Staff from the Cross Insurance Area are hoping federal money from last month’s coronavirus relief bill will help to keep the arena operating until large live events can come back. Shawn Patrick Ouellette / Portland Press Herald

PORTLAND — With the Maine Mariners hockey season suspended and no other large events booked because of the pandemic, Cross Insurance Arena is banking on federal funding to keep it operating and spare county taxpayers from having to make up for most of the lost revenue.

Cumberland County Manager Jim Gailey said he hopes large events, such as Maine Mariners games, can return to the Cross Insurance Arena again later this year, bringing with them revenue to cover the arena’s operations. Brianna Soukup / Portland Press Herald Buy this Photo

General Manager Melanie Henkes and county staff are hopeful the county-owned arena will soon receive a share of the $15 billion earmarked for performance venues in the $900 billion coronavirus relief package passed in late December.

Deputy Manager of Finance and Administration Alex Kimball said he expects to hear about the funding within the next few weeks. How much is expected is unknown.

“The legislation is in place. Now it is just a matter at the federal level of putting it in place,” Kimball said.

The money would be “enormously important” in making up for the loss in revenue as a result of the pandemic. The arena took in $4 million less in event revenue from March to December 2020 than it did in that same time period in 2019, Kimball said.

As arena and county officials await news of any federal aid coming their way, they are in the early stages of drafting a budget to run from July through June 30, 2022. The COVID-19 vaccine rollout, mass gathering restrictions set by the governor and when events, including a full slate of Maine Mariner games, can safely return to the arena will dictate what that budget looks like, Cumberland County Manager Jim Gailey said.


“Once we get through the summer, we are hoping it will be more of an upswing and a sign of positive things to come,” Gailey said.

Kimball said before the pandemic hit, the arena “was on pace to have an excellent year,” but then the lack of revenue from events, concession sales and other large event income took a toll. The arena’s 2020-2021 budget, $3.43 million — a $57,000 reduction from the 2019-2020 budget — has been buoyed by an additional $750,000 from the county budget and money from venue sponsors.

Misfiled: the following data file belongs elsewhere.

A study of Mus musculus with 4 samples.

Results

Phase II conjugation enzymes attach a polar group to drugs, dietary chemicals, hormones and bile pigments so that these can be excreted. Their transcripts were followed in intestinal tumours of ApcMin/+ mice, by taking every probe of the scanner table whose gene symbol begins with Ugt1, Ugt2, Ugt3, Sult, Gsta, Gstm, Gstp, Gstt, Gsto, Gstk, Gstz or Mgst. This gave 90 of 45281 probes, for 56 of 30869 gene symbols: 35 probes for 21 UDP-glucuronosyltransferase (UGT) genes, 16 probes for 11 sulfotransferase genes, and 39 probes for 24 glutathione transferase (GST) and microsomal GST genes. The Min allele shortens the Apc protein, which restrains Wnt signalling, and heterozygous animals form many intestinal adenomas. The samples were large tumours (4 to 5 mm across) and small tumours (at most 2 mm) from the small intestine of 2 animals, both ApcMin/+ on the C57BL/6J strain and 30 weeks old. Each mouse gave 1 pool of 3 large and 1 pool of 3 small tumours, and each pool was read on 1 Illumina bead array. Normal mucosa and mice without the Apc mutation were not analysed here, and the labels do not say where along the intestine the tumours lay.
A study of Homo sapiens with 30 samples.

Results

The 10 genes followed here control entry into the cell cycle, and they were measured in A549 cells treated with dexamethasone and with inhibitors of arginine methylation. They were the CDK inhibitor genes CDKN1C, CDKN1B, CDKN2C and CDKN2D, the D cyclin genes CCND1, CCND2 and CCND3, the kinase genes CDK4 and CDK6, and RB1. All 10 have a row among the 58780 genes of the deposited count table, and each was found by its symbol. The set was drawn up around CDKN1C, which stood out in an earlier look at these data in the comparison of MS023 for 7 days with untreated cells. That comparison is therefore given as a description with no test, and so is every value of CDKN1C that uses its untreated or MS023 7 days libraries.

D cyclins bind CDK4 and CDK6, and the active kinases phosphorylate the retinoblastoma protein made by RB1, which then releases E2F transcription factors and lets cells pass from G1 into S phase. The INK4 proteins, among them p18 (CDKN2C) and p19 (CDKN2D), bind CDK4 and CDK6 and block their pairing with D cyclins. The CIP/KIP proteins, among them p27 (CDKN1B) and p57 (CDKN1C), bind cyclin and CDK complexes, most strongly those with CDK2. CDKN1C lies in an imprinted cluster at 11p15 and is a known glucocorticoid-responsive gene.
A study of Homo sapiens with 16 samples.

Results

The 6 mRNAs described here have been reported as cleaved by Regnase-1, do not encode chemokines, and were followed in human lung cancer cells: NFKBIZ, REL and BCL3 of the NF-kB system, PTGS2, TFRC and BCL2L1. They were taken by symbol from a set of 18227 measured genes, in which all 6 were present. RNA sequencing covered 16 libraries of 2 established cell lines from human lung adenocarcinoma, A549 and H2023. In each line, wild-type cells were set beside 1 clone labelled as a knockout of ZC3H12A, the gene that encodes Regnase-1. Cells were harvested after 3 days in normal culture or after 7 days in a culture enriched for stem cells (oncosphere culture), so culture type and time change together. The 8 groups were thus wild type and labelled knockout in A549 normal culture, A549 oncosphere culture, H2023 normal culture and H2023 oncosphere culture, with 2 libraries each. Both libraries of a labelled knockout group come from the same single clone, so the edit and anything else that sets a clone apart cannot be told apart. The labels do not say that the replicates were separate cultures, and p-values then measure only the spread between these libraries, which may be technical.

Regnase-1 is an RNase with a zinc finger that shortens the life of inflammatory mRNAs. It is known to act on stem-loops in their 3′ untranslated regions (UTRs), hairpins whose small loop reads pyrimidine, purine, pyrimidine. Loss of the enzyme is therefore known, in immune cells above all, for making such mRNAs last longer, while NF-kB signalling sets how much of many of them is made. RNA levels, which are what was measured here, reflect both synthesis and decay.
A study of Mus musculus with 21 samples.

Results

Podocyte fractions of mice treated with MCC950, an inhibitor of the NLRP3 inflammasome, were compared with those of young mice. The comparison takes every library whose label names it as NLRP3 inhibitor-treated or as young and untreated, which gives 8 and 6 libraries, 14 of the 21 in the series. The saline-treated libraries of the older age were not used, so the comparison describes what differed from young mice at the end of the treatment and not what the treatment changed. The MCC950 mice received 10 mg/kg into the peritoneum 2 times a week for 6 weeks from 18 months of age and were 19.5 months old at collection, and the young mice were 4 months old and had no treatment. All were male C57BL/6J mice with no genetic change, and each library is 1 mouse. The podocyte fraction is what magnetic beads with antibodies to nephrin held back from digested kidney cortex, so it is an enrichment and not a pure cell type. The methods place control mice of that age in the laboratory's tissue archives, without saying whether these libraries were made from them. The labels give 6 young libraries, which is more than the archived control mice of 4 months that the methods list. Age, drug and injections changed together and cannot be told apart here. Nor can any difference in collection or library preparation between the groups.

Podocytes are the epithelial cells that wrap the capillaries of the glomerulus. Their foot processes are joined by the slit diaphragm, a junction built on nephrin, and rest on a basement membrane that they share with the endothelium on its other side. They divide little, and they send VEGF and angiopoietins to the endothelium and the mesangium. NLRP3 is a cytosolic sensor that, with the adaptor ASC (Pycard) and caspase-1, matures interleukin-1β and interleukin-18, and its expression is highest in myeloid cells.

“That’s what’s patching things together at the arena,” Gailey said.

Arena staff has had to get creative to bring in some revenue in since the pandemic took hold, Henkes said. In October it hosted Jibe Cycling Studio’s socially distant Spin-a-thon, in which 600 people participated over the course of 12 hours to raise $15,000 for the Maine Cancer Foundation. It held a drive-thru job fair for Bath Iron Works, and it has offered tickets for virtual events such as a screening of “National Lampoon’s Christmas Vacation,” a New Year’s Eve Kiss concert and, this month, Colin Mochire and Brad Sherwood’s “Stream of Consciousness” comedy show.

“It’s been about adjusting the level of what events can look like right now,” Henkes said.

The arena also was forced to lay off 11 full-time workers because of the pandemic, leaving it with a skeleton crew of six.


“Like most businesses, we have had to make some tough decisions in terms of furloughs, laying people off and reduced salaries,” Henkes said.

The expected federal funding “would give us an opportunity to put back in place the great staff we had and get back to where we were prior to the pandemic,” she said.

Gailey is hopeful large events can return to the Cross Insurance Arena later this year.

“A lot of shows were stalled this year and are looking to be back on the road later this year or early next year,” he said.

While some outdoor performance venues might begin holding events as early as the summer, Henkes said it will be at least the fall before the arena holds shows.

“We see the potential of fall. Whether that is a scaled capacity or full capacity, we don’t know, but we will adhere to whatever the state mandates are at the time,” she said.

Two acts, children’s entertainer JoJo Siwa and comedian Gabriel Iglesias, have committed to future shows at the arena. The Siwa show is scheduled for July 25 and the Iglesias show for Oct. 30.

In the meantime, Henkes said the arena will continue to be available as an alternate care site for COVID-19 patients if local hospitals can no longer keep up with demand in their facilities.

Comments are not available on this story.